I grew up in an entrepreneurial family and started working in my parent’s family-owned bookkeeping business when I was 13 years old. Throughout my professional career, I have worked in a number of family owned businesses; some have been wonderful experiences, and some have been trainwrecks. I have learned some things along the way.
Over the many years we have owned and operated Westby Associates, Inc., I have been asked what it’s like owning and working alongside my husband on a daily basis. How is it possible to own a business with your significant other while maintaining a healthy relationship? Who’s the boss? How are you still married? Are you always talking about work? I can tell you that after 18 years of owning our consulting business, we are still happily married after 20 years. How is this possible? We are committed to making it work and, of course, we have some tried and true rules we live by.
- Marriage first – although our business is extremely important to not only ourselves, but our staff, our nonprofit clients and our community, our marriage comes first. At the end of the day, no matter what happens in our business, we are committed to making our marriage the priority. There are three things we do to keep this in check:
- Weekly date nights; no exception.
- Travel. And when traveling, unplug. (Mike is great at unplugging. Cell phone turns off.)
- Play. Life can’t be all about work all the time. (I rock at this.)
- Be clear about your roles –We each bring a unique set of skills to our consulting business. Here are some tips for success:
- Be patient. It takes time to determine who is best at each task.
- Self-evaluate. You need to be willing to look at both your strengths and areas that need growth. Be willing to give time to developing yourself. We all have gaps in our abilities and that’s what my business partner and staff are here for.
- Check your ego at the door. It’s not personal, it’s business. (Although when you work with the love of your life, it can and will feel personal at times).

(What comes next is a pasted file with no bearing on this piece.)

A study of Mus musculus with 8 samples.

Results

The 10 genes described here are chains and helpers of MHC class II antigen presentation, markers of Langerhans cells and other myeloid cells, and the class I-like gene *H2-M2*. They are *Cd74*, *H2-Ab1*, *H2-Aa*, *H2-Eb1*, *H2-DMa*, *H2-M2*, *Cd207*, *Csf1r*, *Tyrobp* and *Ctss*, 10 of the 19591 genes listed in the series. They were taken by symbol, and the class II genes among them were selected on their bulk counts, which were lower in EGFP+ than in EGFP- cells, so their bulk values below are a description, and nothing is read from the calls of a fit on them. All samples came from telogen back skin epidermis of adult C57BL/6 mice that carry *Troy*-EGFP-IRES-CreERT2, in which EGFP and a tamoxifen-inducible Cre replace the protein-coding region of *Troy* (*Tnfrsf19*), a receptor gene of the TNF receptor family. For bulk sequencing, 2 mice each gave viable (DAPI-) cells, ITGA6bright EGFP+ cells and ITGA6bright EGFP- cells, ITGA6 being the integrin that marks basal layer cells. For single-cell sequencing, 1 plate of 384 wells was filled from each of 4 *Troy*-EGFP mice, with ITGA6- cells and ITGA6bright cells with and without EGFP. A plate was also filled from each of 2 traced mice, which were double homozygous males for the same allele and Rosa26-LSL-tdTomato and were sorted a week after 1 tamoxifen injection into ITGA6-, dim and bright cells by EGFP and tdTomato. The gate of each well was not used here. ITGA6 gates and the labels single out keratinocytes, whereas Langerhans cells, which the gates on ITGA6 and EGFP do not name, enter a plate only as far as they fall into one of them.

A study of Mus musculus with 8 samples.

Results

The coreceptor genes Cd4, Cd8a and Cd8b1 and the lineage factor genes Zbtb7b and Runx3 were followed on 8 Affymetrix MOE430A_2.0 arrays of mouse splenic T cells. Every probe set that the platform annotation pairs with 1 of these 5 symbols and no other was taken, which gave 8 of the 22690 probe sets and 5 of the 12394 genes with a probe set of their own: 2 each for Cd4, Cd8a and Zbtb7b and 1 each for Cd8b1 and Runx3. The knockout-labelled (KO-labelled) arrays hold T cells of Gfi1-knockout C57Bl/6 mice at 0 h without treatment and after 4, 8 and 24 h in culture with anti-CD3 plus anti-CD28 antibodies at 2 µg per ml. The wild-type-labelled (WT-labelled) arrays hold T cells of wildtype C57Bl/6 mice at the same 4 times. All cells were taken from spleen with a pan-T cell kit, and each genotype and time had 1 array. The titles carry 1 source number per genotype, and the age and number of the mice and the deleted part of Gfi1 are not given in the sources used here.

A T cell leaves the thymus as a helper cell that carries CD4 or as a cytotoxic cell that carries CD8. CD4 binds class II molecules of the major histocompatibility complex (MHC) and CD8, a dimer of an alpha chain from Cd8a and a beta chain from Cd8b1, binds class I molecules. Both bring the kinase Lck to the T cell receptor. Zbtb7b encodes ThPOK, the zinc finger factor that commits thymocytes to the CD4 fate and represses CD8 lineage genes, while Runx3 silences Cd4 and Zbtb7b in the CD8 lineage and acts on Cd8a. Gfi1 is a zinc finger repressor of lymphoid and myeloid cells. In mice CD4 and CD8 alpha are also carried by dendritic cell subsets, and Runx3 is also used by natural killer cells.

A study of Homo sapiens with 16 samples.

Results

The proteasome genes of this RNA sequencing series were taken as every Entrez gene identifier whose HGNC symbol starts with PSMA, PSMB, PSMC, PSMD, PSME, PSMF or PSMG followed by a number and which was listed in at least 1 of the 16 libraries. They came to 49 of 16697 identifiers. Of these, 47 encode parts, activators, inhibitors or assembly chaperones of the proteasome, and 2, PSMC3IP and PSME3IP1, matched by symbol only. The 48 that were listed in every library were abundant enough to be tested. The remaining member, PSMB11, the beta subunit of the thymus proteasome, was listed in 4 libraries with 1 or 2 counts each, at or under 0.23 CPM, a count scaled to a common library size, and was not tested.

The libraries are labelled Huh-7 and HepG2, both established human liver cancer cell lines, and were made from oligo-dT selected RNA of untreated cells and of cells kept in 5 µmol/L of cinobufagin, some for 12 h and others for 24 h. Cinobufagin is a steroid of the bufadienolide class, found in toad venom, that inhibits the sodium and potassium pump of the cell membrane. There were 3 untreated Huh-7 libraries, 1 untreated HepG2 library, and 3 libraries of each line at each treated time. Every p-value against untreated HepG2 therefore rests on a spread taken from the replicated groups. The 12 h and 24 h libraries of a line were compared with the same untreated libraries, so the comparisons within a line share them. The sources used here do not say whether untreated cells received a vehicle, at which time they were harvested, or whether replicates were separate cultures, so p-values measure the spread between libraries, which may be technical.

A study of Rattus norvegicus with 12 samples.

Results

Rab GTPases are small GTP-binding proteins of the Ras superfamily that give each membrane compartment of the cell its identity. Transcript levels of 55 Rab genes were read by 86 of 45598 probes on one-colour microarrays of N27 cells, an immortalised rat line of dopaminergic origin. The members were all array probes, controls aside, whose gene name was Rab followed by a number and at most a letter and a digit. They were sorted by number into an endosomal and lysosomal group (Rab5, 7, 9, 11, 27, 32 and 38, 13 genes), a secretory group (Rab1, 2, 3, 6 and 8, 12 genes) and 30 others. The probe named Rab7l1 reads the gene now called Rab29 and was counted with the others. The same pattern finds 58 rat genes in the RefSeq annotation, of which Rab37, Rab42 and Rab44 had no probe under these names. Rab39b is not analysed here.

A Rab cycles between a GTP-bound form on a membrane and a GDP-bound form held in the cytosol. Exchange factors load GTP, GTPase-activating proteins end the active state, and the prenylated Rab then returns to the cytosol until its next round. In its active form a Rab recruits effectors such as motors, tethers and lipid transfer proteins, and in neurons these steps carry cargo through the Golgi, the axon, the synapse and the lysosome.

- Stay flexible. We are ever changing, every growing people. What worked five years ago may not work today. You need to be able to course correct or delegate if necessary.
- Maintain good boundaries – Maintaining good boundaries builds trust, respect and credibility with each other and with our staff. This is crucial to not only a successful business but also a successful marriage. But how?
- We keep work at work and home at home. Work conversations may bleed over into date night. (Bonus: it’s a business expense, however; with the new tax code it’s a non-deductible expense!) We always have a cut off where we say, “no more business.”
- We stay in our own lane (though I’m still working on this one). It’s very easy to identify when my partner isn’t handling something the way I would. We each have our own communication style and timeline in which we act. When we have worked to establish clear roles within our company, lane violations will not only confuse staff members it also delivers a message to our staff and to my partner that I do not have faith or trust in his abilities. It’s disrespectful, which leads me to the final “tried and true” rule.
- Respect one another – Although we are not privy to each other’s daily work flow, we have faith in each other that every day we will:
- Respect and accept that we each have our own work style.
- Work hard – we both bring our A-game as best as we can.
- Have integrity – honesty IS the best policy.
- Communicate as equals – we both have equal voice and listen to one another, not always patiently, but we do listen.
As we apply the above four tried and true rules to the best of our ability, we can avoid common trip wires and deescalate power struggles that inevitably surface while working so closely with a life partner.
It’s not easy, but it’s well worth the effort!
The answer to the big question… who’s the boss? My husband and I will both agree – I am.
Westby Associates, Inc. is a Vancouver-based, regional consulting firm that specializes in nonprofit fund development through strategic planning, board and staff development, feasibility and market studies, and comprehensive campaigns focused on capacity, capital, and endowment initiatives.